Below are given some of these revelations:
A few words of comfort are added for his disciples, and they are told that the movement will prosper after his death:
The arrangements for the carrying on of the movement are then suggested. The first point was initiation into the movement. While the founder was alive, he personally initiated new members into the movement. After his death, he directed that members should be initiated by the righteous from among his followers. And he wrote:
Anjuman to carry on work after him
The second point was the management of the affairs connected with the movement, and for this an Anjuman was established with full powers to deal with all such topics. This Anjuman was formed under the name of Sadr Anjuman Ahmadiyya (or, The Chief Society of the Ahmadis), and the rules and regulations controlling it were given under Hazrat Ahmad's own signature. It began to function immediately after the publication of The Will, exercising full authority over all the affairs of the movement, including its finances. When a dispute arose, about twenty months after the Anjuman was formed, as to the extent of its powers, and the matter was referred to the founder, he gave his decision in the following words:
The Anjuman was thus entrusted with the fullest powers in all affairs relating to the movement, and in his own words "the Anjuman was the successor of the Divinely-appointed Khalifa".
Message of peace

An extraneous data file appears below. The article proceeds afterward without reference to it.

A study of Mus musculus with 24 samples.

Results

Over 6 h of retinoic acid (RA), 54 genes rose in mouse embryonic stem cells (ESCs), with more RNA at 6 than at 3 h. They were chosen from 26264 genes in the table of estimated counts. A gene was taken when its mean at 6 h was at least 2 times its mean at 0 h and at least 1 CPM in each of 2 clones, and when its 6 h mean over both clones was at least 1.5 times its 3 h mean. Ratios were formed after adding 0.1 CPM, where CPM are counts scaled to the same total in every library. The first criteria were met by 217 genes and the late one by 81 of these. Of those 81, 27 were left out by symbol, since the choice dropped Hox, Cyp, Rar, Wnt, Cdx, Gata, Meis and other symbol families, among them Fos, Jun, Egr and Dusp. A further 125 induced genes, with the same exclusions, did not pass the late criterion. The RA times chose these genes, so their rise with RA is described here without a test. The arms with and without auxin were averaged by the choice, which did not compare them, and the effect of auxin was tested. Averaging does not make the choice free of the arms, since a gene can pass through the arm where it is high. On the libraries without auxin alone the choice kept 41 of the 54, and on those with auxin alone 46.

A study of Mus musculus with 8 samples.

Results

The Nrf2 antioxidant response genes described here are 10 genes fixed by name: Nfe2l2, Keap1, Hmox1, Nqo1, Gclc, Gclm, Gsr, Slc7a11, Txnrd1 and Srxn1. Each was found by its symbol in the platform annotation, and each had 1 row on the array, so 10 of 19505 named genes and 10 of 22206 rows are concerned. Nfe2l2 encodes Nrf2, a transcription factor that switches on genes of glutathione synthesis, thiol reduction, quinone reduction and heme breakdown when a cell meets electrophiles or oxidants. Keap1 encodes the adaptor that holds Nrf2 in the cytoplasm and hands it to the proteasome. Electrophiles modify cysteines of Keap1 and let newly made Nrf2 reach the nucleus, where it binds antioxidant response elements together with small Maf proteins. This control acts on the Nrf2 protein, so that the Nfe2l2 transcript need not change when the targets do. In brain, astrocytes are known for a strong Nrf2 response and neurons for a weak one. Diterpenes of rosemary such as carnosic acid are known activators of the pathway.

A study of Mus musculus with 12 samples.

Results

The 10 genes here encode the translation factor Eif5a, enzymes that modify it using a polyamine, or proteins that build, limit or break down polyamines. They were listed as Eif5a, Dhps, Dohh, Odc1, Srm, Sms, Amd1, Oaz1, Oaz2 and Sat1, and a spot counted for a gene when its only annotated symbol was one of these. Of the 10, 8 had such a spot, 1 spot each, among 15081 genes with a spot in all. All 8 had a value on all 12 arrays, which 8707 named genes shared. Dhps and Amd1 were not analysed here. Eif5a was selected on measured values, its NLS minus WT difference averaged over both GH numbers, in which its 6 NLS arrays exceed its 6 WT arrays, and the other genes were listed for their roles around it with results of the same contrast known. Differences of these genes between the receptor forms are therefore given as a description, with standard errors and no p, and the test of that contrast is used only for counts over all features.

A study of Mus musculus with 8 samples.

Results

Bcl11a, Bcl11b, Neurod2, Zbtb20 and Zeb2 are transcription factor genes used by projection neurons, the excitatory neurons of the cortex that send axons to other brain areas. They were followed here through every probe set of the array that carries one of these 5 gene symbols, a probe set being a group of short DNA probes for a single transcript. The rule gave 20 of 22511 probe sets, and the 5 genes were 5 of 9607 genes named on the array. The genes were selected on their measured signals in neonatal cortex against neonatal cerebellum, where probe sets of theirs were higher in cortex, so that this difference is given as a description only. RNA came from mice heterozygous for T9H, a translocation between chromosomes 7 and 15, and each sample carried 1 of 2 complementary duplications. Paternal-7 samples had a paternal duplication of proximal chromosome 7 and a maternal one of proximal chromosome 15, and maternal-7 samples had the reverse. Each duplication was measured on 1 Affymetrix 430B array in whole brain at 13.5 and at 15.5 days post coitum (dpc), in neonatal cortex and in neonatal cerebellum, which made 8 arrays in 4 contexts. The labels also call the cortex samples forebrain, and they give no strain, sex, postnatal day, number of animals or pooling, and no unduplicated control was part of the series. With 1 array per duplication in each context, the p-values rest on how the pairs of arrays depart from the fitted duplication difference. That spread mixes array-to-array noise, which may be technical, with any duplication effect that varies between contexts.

As already noted, in April 1908, he went to Lahore. There, while occupied from day to day in explaining his position to eager Muslim listeners, who wondered when they heard from his own lips that he was not a claimant to prophethood, he began writing a pamphlet, containing a special message for his Hindu countrymen, aiming at bringing about lasting union between the Hindus and the Muslims.
The message was based on the broad Quranic principle which he had been preaching all his life that all religions emanated from a Divine source, as the Holy Quran clearly said:
In accordance with this verse, he held that prophets must have appeared in India, and, as Rama and Krishna were the two great reformers recognized by the Hindus, they must have been the prophets sent to that people. He called upon the Hindus to reciprocate the Muslim recognition of the Hindu prophets by recognizing the prophethood of the Holy Prophet Muhammad. If they did that, a lasting peace could be achieved between the Hindus and the Muslims, in which case he and his followers were prepared to make a further concession to Hindu religious sentiment by giving up their lawful right of slaughtering cows and using beef as an article of food. This message was aptly named the "Message of Peace", and it proved to be his last message.
At the age of seventy-three, he was still wielding his pen in the cause of Islam with the energy of a man of thirty. He had just finished the last lines of his Message of Peace, outlining the possible basis of an everlasting peace between the Hindus and the Muslims, when suddenly he fell ill at 10 p.m. on the evening of the 25th May, with an attack of diarrhea, to which he succumbed at 10 a.m. on the morning of 26th May, 1908. The Civil Surgeon of Lahore certified that death was not due to an infectious disease, and it was on the production of this certificate that the authorities permitted the carrying of his body to Qadian, where it was consigned to its last resting-place, on the 27th May.